Last summer, working out in our island of plants, I kept noticing a bird that resembled a robin. It would hop along the ground, seemed agitated, but was not afraid to be close to us. Some time passed and this activity continued. We kept noticing the bird around the property line and always on the ground. One day, with robins around, we could see some distinct differences. He was bigger than the robins with a shorter tail and his colors were more orange. He was more “grounded” and didn’t fly up to the trees like a robin, nor would this bird splash about in a puddle or frequent the bird baths like our American robin – and there was an interesting black mark around it’s neck. This was a bird of a different family that I had not seen before.
Bird books came off the shelves and google was employed for information.
Bird books and internet searches – how I love doing research!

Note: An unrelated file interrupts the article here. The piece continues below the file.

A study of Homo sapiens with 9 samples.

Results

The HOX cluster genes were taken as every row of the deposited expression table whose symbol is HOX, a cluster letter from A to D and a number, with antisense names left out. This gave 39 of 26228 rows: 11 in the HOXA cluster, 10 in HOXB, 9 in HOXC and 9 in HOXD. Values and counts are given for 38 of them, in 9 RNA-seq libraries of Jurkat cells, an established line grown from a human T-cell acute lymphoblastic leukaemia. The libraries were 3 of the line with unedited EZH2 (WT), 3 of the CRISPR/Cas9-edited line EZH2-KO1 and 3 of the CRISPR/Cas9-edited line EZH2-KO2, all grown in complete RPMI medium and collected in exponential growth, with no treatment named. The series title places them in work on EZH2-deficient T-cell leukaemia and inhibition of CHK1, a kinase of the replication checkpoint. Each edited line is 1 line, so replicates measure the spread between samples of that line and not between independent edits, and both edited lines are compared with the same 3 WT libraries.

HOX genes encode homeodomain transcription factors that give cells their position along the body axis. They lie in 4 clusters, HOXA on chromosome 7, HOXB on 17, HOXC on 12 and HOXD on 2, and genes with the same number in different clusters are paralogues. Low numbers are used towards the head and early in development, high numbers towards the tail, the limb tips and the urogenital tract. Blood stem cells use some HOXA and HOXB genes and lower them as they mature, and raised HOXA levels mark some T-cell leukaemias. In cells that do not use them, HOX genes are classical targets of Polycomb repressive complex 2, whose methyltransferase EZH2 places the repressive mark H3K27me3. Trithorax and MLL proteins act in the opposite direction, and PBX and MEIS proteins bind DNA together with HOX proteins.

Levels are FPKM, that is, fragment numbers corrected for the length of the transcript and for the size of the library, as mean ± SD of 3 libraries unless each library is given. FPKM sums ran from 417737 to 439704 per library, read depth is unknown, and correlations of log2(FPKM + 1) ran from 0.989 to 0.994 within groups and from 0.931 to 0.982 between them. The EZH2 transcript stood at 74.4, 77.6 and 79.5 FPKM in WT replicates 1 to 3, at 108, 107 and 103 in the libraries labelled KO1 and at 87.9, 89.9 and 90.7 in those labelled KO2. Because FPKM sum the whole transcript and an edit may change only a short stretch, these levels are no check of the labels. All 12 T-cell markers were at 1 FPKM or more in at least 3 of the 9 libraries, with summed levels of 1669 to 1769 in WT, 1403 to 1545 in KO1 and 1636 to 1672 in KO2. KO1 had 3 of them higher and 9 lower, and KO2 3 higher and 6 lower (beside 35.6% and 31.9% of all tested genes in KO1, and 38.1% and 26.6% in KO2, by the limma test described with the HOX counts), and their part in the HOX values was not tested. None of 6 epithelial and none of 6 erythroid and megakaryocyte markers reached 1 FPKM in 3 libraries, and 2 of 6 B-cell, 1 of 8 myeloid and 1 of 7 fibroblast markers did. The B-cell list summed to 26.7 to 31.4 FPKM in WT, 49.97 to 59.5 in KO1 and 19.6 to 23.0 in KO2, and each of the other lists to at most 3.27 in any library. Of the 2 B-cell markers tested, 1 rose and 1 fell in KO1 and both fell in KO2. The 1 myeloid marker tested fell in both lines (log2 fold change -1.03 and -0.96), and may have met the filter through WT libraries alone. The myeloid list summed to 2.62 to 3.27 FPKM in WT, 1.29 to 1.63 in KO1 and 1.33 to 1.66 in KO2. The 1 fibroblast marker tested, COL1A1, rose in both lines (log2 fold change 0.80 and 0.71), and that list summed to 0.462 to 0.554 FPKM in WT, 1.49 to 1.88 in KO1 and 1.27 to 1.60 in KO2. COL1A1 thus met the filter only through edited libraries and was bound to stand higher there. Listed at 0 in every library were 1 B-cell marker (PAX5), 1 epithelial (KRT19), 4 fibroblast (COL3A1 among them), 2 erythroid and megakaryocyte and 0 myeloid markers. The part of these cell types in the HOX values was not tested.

Meadowlarks build their nests in the ground and feed primarily on insects and seeds. They are known to live in weedy orchards, which makes our property a good environment for them to set up of housekeeping.
On Monday, looking out the livingroom window, I saw what, at first sight, looked to be several robins. My excitement mounted when I saw the difference in the body size, color, which is more subtle than this picture, and the wonderful black bib that Mr. Meadowlark wears.
I was glad to see the meadowlark’s return and am hoping to discover a nest, or two as the male often takes two mates.
My heart sung at yet another sign that spring was in the air as I pulled the bird books out again and read about the meadowlarks and marveled at how much more there is to see and learn about in this world of ours.